The Problem with Whispers and Secrets (and Snapchats)
Anonymity is different from privacy
At Firestorm, we have reviewed a variety of emerging applications including Whisper, Secret and Snapchat. We are not fans. The “promise” of anonymity, of images and conversations that disappear, poses a threat to schools, businesses and reputations alike.
Most recently, it has been alleged that some of these apps that promise complete privacy deliver anything but. Whether you are discussing this issue with students, employees, suppliers, vendors or customers, it is important to understand the inherent risks.
What’s worse than no privacy? Fake, malfunctioning “privacy” apps.
A slew of anonymous apps and ephemeral messaging services have popped up in the last few years — some in direct response to news of data collection by the National Security Agency. But while well-intentioned, few consumer-level apps are actually anonymous — and they may be endangering your information.
Last week an investigative story the Guardian revealed that anonymous social feed Whisper is actually collecting user locations based on geo-location and IP addresses.
The report also says that Whisper is saving posts and their location information to a searchable database, despite its promise to be “the safest place on the Internet.” But the revelation about Whisper is just the latest in a string of incidents that remind users that many, if not all, of the consumer apps on the market that promise anonymity and security fail to deliver.
Secret has shown it’s vulnerable to hacking, though the company does have a bug bounty program that has successfully kept Secret out of the news, as Wired reported. But the same can’t be said for Snapchat, which repeatedly finds its way into the news, most recently for a leak of 200,000 user photos that ended up on Internet forum 4chan. Though Snapchat’s servers weren’t hacked in this particular event, the ephemeral messaging service has been found to be less secure — and less ephemeral — than it advertises. The company settled charges with the Federal Trade Commission in May for overstated claims of user anonymity and security.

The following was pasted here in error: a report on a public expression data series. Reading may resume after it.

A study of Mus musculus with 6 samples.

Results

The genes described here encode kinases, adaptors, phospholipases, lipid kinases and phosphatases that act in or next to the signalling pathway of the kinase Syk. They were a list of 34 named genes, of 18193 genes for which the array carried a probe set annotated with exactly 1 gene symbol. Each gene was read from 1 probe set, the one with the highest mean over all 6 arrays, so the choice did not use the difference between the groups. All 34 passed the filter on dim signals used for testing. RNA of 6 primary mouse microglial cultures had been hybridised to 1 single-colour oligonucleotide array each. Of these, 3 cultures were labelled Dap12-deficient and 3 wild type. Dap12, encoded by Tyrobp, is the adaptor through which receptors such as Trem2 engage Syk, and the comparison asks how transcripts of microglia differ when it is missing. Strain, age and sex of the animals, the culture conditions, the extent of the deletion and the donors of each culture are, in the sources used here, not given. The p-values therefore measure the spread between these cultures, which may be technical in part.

Whisper co-founder and CEO Michael Heyward discussed the issue onstage this past Tuesday at the Wall Street Journal’s WSJ.D Live conference, and responded to allegations that a Whisper Editor threatened a user with “Tracking for Life.” Heyward said that the unknown employee who promised to track the user will be fired, assuming reports about what the employee said are true. Heyward, who was speaking at the WSJD Live event in Southern California, addressed a report in The Guardian this month that said Whisper monitors some users’ locations even after they opt out of tracking. Heyward called the report deeply misleading, and said Whisper is simply incapable of tracking users in the manner suggested by the newspaper.
Neetzan Zimmerman formerly of Gawker and current Editor-in-Chief at Whisper, took to SCRIBD to respond to allegations. You can read the entire, lengthy response here.
“Whisper does not collect nor store any personally identifiable information (PII) from users and is anonymous. To be clear, Whisper does not collect nor store: name, physical address, phone number, email address, or any other form of PII. The privacy of our users is not violated in any of the circumstances suggested in the Guardian story. The Guardian staff, including its CEO and multiple members of the US editorial team, have met with, partnered, and worked with Whisper since February 2014 and published multiple stories utilizing Whispers, with full understanding of our guidelines. The Guardian’s assumptions that Whisper is gathering information about users and violating user’s privacy are false.”
This is a complicated space. Managing risks requires understanding of the complexity of issues specific to each threat. As reported in Gigaom, most users don’t clearly understand the difference “…between anonymity and privacy. Although Whisper is an anonymous network, it is also clearly public, so users know that their posts will be seen and can be searched and so on. In fact, that’s a big part of why they use Whisper in the first place: because they want their stories to be heard, or they want to find other users.”
Your organization may be a target for reputation damage, confidentiality breech, or other risks stemming from the use of emerging technologies. If you have questions, let us help. Contact Us.